BEIJING — Russian figure skater Kamila Valieva has been cleared to compete in the women’s individual event this week at the Beijing Olympics following a court ruling in her doping case.
Here are the latest updates:
Update 5:18 a.m. EST Feb. 14: The International Olympic Committee will not hold medal ceremonies for events in which Valieva, 15, finishes among the top three, including the team figure skating competition that the Russian Olympic Committee won last week, the IOC’s executive board decided Monday.
“In the interest of fairness to all athletes and the [National Olympic Committees] concerned, it would not be appropriate to hold the medal ceremony for the figure skating team event during the Olympic Winter Games Beijing 2022 as it would include an athlete who on the one hand has a positive A-sample, but whose violation of the anti-doping rules has not yet been established on the other hand,” the IOC said in a statement.
The IOC went on to say that if Valieva finishes among the top three in the women’s single skate that begins Tuesday and ends Thursday, “no flower ceremony and no medal ceremony will take place” during the Games.
The organization also has asked the International Skating Union to allow a 25th competitor to participate in the women’s free skate Thursday if Valieva finishes in the top 24 in the short program Tuesday.
“The IOC will, in consultation with the athletes and NOCs concerned, organize dignified medal ceremonies once the case of Ms. Valieva has been concluded,” the statement read.
Update 5:01 a.m. EST Feb. 14: Sarah Hirshland, the CEO of the U.S. Olympic & Paralympic Committee, has released the following statement about the Court of Arbitration for Sport’s decision to allow Valieva, 15, to compete in the women’s single skating event:
“We are disappointed by the message this decision sends,” the statement read. “It is the collective responsibility of the entire Olympic community to protect the integrity of sport and to hold our athletes, coaches and all involved to the highest of standards. Athletes have the right to know they are competing on a level playing field. Unfortunately, today that right is being denied. This appears to be another chapter in the systemic and pervasive disregard for clean sport by Russia.”
The statement continued: “We know this case is not yet closed, and we call on everyone in the Olympic Movement to continue to fight for clean sport on behalf of athletes around the world.”
Original report: According to The Associated Press, the Court of Arbitration for Sport issued the decision Monday after hearing arguments against the Russian Anti-Doping Agency’s decision to lift a provisional suspension of the 15-year-old after a Swedish lab determined that she tested positive for trimetazidine in late December. The lab didn’t flag the positive test until Feb. 8, the day after Russia’s skaters won the team event at the Olympics, the AP reported. Valieva made history in the team competition by becoming the first woman to land a quad jump at the Olympics.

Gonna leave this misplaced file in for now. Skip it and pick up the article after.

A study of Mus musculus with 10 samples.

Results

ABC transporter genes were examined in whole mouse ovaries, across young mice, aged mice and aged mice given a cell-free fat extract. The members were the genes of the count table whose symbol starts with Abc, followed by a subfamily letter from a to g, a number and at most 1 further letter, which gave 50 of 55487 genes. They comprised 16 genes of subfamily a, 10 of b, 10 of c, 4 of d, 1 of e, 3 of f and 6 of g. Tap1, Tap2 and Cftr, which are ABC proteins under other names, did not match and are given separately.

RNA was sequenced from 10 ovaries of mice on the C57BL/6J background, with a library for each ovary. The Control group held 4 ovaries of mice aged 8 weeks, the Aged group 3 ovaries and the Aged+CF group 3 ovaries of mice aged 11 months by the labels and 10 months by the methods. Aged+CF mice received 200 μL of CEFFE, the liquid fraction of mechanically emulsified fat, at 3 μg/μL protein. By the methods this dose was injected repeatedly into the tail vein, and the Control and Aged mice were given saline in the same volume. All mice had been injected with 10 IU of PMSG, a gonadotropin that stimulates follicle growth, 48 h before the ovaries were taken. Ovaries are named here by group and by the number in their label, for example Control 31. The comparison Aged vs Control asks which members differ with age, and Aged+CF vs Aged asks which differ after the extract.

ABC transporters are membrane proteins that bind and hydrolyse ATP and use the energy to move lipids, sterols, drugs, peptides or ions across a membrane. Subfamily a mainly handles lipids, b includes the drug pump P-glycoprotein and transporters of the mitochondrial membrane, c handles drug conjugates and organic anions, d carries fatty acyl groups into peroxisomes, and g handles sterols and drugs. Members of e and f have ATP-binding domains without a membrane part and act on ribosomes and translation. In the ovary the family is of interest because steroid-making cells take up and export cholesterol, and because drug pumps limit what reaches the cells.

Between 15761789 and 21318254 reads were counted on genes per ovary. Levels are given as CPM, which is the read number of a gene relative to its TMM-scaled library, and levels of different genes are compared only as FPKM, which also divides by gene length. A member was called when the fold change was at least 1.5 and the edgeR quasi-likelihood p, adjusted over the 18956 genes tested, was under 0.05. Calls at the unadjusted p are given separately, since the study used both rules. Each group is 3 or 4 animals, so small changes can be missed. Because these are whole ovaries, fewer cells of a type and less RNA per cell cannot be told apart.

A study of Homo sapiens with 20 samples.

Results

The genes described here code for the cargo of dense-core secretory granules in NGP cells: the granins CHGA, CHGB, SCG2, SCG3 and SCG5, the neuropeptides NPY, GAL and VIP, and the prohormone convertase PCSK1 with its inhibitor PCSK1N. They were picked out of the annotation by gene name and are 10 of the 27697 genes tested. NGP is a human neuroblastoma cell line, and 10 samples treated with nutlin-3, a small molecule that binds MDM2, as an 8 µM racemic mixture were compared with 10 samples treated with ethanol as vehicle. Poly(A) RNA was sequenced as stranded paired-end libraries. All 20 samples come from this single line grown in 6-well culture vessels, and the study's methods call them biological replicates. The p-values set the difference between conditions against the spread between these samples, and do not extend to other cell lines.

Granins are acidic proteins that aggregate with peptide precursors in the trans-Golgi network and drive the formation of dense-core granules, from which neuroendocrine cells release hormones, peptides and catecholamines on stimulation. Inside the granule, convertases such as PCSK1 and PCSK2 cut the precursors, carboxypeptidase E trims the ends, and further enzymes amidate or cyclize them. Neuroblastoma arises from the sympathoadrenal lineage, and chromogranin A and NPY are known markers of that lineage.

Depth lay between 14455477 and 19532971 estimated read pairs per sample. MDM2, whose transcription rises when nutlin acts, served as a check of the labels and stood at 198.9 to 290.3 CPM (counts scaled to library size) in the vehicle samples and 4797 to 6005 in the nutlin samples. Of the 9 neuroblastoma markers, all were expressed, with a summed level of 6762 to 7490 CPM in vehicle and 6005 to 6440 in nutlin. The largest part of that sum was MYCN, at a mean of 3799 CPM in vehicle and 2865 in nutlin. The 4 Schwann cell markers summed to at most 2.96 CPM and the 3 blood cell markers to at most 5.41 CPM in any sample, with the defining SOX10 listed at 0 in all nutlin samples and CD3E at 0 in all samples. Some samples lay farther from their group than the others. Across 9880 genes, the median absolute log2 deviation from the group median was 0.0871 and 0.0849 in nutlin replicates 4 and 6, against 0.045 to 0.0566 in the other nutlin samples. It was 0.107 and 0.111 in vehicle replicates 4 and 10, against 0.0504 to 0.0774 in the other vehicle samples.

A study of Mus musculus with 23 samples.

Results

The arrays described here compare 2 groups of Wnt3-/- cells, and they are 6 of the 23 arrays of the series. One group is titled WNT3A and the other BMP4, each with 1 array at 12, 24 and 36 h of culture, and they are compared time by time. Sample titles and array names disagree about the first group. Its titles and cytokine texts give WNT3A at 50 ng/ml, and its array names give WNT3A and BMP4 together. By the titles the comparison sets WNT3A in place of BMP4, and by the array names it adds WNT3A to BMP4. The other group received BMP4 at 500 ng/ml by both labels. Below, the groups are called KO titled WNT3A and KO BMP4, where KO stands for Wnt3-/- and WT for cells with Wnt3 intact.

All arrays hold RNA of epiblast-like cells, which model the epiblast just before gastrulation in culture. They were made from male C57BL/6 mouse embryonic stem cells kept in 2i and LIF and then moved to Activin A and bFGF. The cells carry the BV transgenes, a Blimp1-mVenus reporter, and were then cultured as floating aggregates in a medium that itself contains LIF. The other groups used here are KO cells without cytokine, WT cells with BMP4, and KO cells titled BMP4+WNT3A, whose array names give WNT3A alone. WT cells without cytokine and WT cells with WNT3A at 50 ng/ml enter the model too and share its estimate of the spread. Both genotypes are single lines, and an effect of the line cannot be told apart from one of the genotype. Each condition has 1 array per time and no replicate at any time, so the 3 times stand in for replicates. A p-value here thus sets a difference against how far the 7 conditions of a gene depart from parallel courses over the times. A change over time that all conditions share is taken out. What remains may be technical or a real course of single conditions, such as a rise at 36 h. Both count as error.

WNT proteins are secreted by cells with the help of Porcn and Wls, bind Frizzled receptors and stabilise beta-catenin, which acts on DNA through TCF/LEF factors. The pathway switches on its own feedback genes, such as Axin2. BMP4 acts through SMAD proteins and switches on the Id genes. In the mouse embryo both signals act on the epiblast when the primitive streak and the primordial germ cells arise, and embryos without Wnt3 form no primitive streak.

Trimetazidine, typically used to treat angina and vertigo, is prohibited because the metabolic agent can improve blood flow and endurance, the AP previously reported.
Following Monday’s ruling, the court’s director general, Matthieu Reeb, said the panel “considered that preventing the athlete to compete at the Olympics would cause her irreparable harm in the circumstances,” according to the AP. The court also cited issues with the “untimely notification” of the positive drug test and pointed out that Valieva’s tests at the Olympics have been clean, the news agency reported.
Although the court’s decision allows Valieva to compete in the women’s single skate Tuesday and Thursday, any medal she wins could still be stripped from her pending the results of the full investigation, according to the AP. That probe reportedly will focus on Valieva’s coaches, doctors and other members of her entourage because she is a protected minor.
A decision has not been made on whether Russia – which is competing as the Russian Olympic Committee without its anthem or flag due to previous doping scandals involving the country’s athletes – will be awarded the gold medal in the team event, the AP previously reported. The medal ceremony has been postponed.
“The decision on the results of the ROC team in the Team Figure Skating event can be taken by the [International Skating Union] only after a final decision on the full merits of the case has been taken,” the International Testing Agency said in a statement Friday.
ROC officials have questioned the timing of Valieva’s positive test results, with the group’s president, Stanislav Pozdnyakov, noting that under the World Anti-Doping Agency’s handbook, drug test results should be reported within 20 days of the receipt of a sample, according to The Washington Post and Russian news agency Tass.
“It looks very strange that the sample traveled from St. Petersburg to Stockholm for almost a month,” Pozdnyakov said, according to Tass. “This raises very serious questions for me, and it looks very much like someone was holding this sample until the end of the figure skaters’ team competitions.”
In a statement obtained by the Post, officials with the Russian Anti-Doping Agency said the laboratory said, “The delay in analysis and reporting … was caused by another wave of COVID-19, an increase in illness among laboratory staff and quarantine rules.”
– The Associated Press contributed to this report.